Cape Town – The opinion obtained from a senior Parliamentary legal adviser on SAA’s R3bn bailout does not conclude it was unlawful, the ANC’s Yunus Carrim argued on Wednesday.
Yunus, the chairperson of Parliament’s oversight committee on finance, was responding to a DA statement in which the party said the adviser’s legal opinion “confirms” the DA’s belief that the bailout was not lawful.
The legal opinion deals with whether Finance Minister Malusi Gigaba was correct in invoking a section of the Public Finance Management Act (PFMA) to access R3bn in funds from the National Revenue Fund to transfer to the cash-strapped airline in late September.
After Gigaba transferred the funds, the DA asked Parliament’s legal services unit for an opinion on whether Gigaba had acted in accordance with the law.
The opinion was written on Monday.
Carrim said in a statement on Wednesday that the finance committee had considered a content of the opinion.
“The legal opinion noted that Section 16 is intended to be used in circumstances where good financial planning and management could not avert the need for exceptional or unusual expenditure,” he said.
“The use of this provision by the Minister of Finance for the reasons set out in the Report to Parliament and the Auditor-General does not appear to be exceptional or unusual as the expenditure was foreseeable and has been made in the past”.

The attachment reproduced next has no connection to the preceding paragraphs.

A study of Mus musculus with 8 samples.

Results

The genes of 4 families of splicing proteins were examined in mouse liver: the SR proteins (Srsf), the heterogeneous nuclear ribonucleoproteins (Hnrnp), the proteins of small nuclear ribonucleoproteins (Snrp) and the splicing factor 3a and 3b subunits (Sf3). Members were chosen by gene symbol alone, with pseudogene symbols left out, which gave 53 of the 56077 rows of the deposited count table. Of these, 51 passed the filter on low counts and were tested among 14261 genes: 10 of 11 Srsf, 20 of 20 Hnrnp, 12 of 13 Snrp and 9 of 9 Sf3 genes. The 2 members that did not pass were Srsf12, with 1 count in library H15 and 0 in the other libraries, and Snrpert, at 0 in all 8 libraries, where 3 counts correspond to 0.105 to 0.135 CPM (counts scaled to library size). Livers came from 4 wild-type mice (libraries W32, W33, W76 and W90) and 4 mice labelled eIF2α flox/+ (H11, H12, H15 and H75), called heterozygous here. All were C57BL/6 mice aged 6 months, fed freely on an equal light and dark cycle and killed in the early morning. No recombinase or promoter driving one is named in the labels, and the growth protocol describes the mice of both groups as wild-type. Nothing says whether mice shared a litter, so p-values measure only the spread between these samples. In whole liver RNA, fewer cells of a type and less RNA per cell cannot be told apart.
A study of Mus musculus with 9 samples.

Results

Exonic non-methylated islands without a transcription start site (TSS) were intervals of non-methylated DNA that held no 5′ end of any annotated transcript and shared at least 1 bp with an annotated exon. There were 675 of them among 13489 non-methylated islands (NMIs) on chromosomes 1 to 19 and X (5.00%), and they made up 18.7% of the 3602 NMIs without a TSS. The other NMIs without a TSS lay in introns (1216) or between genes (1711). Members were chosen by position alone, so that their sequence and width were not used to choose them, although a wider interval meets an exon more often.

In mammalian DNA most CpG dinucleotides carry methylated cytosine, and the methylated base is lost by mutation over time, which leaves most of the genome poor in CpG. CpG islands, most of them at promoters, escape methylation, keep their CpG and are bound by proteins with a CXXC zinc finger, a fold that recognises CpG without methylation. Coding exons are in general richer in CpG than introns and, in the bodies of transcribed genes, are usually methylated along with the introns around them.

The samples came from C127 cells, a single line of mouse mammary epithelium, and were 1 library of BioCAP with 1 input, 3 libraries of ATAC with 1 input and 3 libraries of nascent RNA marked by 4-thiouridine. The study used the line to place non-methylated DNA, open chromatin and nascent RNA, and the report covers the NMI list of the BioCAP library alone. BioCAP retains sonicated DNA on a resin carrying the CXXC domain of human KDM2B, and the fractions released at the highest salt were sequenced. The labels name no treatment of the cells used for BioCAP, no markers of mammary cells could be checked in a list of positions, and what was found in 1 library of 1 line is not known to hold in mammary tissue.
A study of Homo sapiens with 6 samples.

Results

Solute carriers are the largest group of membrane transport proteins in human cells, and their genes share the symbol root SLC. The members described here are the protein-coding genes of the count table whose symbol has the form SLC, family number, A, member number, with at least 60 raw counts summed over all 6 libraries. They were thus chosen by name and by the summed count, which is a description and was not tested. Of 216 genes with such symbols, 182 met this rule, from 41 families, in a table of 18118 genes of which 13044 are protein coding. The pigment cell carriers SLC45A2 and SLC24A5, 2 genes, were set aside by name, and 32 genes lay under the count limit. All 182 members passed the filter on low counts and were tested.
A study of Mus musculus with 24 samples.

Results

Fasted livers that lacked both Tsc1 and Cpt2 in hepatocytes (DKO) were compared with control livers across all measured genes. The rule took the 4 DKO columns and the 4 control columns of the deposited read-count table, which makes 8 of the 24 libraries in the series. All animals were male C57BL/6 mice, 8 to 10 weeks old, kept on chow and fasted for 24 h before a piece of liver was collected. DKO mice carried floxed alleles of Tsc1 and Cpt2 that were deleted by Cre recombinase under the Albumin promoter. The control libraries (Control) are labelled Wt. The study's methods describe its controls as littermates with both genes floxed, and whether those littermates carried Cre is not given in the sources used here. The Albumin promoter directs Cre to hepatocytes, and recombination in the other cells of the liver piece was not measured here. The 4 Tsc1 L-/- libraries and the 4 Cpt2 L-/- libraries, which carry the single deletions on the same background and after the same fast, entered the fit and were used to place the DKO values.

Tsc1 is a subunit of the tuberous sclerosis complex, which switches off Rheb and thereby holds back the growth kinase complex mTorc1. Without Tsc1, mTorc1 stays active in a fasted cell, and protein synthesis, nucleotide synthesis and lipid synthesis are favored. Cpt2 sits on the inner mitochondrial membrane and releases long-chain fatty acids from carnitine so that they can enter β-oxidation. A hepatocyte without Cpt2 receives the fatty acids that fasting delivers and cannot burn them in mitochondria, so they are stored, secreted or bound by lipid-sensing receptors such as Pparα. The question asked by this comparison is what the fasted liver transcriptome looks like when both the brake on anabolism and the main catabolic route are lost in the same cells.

After the opinion was made public, the DA had claimed it bolstered the party’s contention that the bailout was not lawful.
The legal adviser had written that the expenditure was “forseeable and as such, not unusual or atypical”. One of the prerequisites of invoking Section 16 of the Act, the opinion contended, was that it be only used “to defray expenditure of an exceptional nature”.
But Carrim said the opinion did not say the expenditure was unlawful.
“Contrary to what is being claimed by the DA, the legal opinion does not conclude that the Minister’s decision was definitely unlawful. It says it may be so, but it is for the Auditor-General’s Office to decide on this. We will now refer to the legal opinion to the Appropriations Committee to process it further,” he said.
He added that the majority of members in the finance committee were of the view that the R3bn for SAA could have been foreseen and should have been done through an Appropriation Bill.
“But [they] accept that it was necessary to rescue SAA, otherwise there would have been a call on the total R16.4bn guarantee exposure,” Carrim said.
Gigaba, in a report to Parliament released on Friday October 13, said Treasury viewed the transfer of funds to SAA as vital, because of the risk that a default on the debt could trigger a call on other larger guarantees which could have serious repercussions for the economy as a whole.